A.O.F.B. Cufflinks

The cufflinks came with the Membership ‘Book of Ritual’ as part of the life membership to the A.O.F.B. and were to be worn ‘on all occasions of festivity, or thirst’. Originally issued to females as well as males, they were ‘later replaced’ by a Fairy Belles Wristlet for female members as the Order expanded.

A.O.F.B. cufflinks on card

       Cufflinks on original card as supplied with the Membership card / book

The cufflinks were made of silver with blue enamelling, and were manufactured by the Birmingham Medal Co

The early cufflinks had a single link and were prone to breakages, the issue was quickly resolved by replacing the single link joining the two halves with a chain.

 Early 'single link' coupled cufflink

Picture courtesy of Paul Turner

The wearing of cufflinks when attending a Vat meeting or ceremonial occasion was checked by ‘shooting the linen’ – standing and thrusting the arms forward so that shirt cuffs were ‘shot forwards’ from jacket sleeves exposing them. Failure to wear the cufflinks could result in a forfeit or monetary fine. Forfeits included having to buy ‘drinks all round’ or telephoning a random number and singing the Froth Blowers Anthem.

In Bert’s usual jocular fashion, the membership book stating that the cufflinks need not be worn under the following circumstances: ‘When there is only water or cocoa on the table and no beer within a 125 mile radius, when undergoing – surgical operations, pack drill, competing for light weight boxing championships, riding the favourite in the Derby, testing giant super bombers, playing Crown and Anchor, picking pockets and other kindred sports for which a blue is not awarded. ‘Crossing the Barman’ is un-ceremonial and links should be removed with shirt’. Cufflinks will not be worn with Oxford bags or Borstal Blazers. Special permits will be issued for wearing A.O.F.B. cufflinks in the U.S.A.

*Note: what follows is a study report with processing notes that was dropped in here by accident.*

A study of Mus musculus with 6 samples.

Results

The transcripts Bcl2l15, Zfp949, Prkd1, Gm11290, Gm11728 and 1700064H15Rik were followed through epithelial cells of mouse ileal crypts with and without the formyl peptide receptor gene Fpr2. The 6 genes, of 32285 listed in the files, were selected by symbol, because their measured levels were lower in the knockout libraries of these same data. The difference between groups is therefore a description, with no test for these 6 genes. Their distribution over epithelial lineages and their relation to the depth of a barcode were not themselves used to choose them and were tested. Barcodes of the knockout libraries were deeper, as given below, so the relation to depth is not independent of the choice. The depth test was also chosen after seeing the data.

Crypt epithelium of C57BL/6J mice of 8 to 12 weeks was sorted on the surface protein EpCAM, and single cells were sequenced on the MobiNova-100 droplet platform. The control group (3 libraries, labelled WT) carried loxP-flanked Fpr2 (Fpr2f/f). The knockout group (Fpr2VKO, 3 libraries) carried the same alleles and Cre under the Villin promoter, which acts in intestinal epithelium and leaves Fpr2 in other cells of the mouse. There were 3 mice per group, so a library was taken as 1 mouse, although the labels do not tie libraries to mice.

In the very early days the Birmingham Medal company produced around 800 pairs of cufflinks a month – rising to a peak of 2000 pairs per day. There were modifications and tweaks made along the way with slight variances appearing in enamel colouring, chain, chain clasp and manufacturers markings.                                                                     

A.O.F.B. cufflink                                 Cufflinks with 'star' mark
                                         Single A.O.F.B cufflink                                                                         Cufflinks showing star mark

                                                                                                                                   

Clasp , chain and manufacturing mark differences

Differences in chain, chain clasp and manufacturers mark


The cufflinks cost 2/- 8d (2 shillings 8 pence ) to produce. The balance sheet in the membership handbook from between November 10th 1926 and Jan 31st 1927 shows that 130,000 pairs of cufflinks were delivered to the A.O.F.B. Due to the quantity ordered and prompt settlement, a rebate of £2500 was given, a reduction of 1d ( penny ) per 52 pairs of cufflinks, further swelling the A.O.F.B. funds. The cufflinks were also "welded" onto silver plated tankards supplied by the Birmingham Medal Co. and could also be ‘welded’ to other A.O.F.B. items such as cigarette cases and match safes.


Gold cufflinks were also made and presented to Grand Typhoons of the order ( those that had recruited over 1000 members to the A.O.F.B. ). A report in the Sporting Times stating ‘ Jack Haes ( the Cloudburst ) was presented with a pair by Sir Alfred Fripp upon promotion to Grand Typhoon after recruiting over a 1000 new members in 6 weeks, he went on to recruit approximately 6000 members.

Bert Temple had a ‘special’ pair of gold cufflinks presented to him by Hal Stewart Turner ( himself a Grand Typhoon and Managing Director of the Birmingham Medal Co.) –  one link featuring the usual AO - FB the other BT - No0 – (Bert Temple No0 A.O.F.B.).

As of August 2009 there have been 39 Grand Typhoons of the A.O.F.B. identified so there were probably less than 50 sets of gold cufflinks made.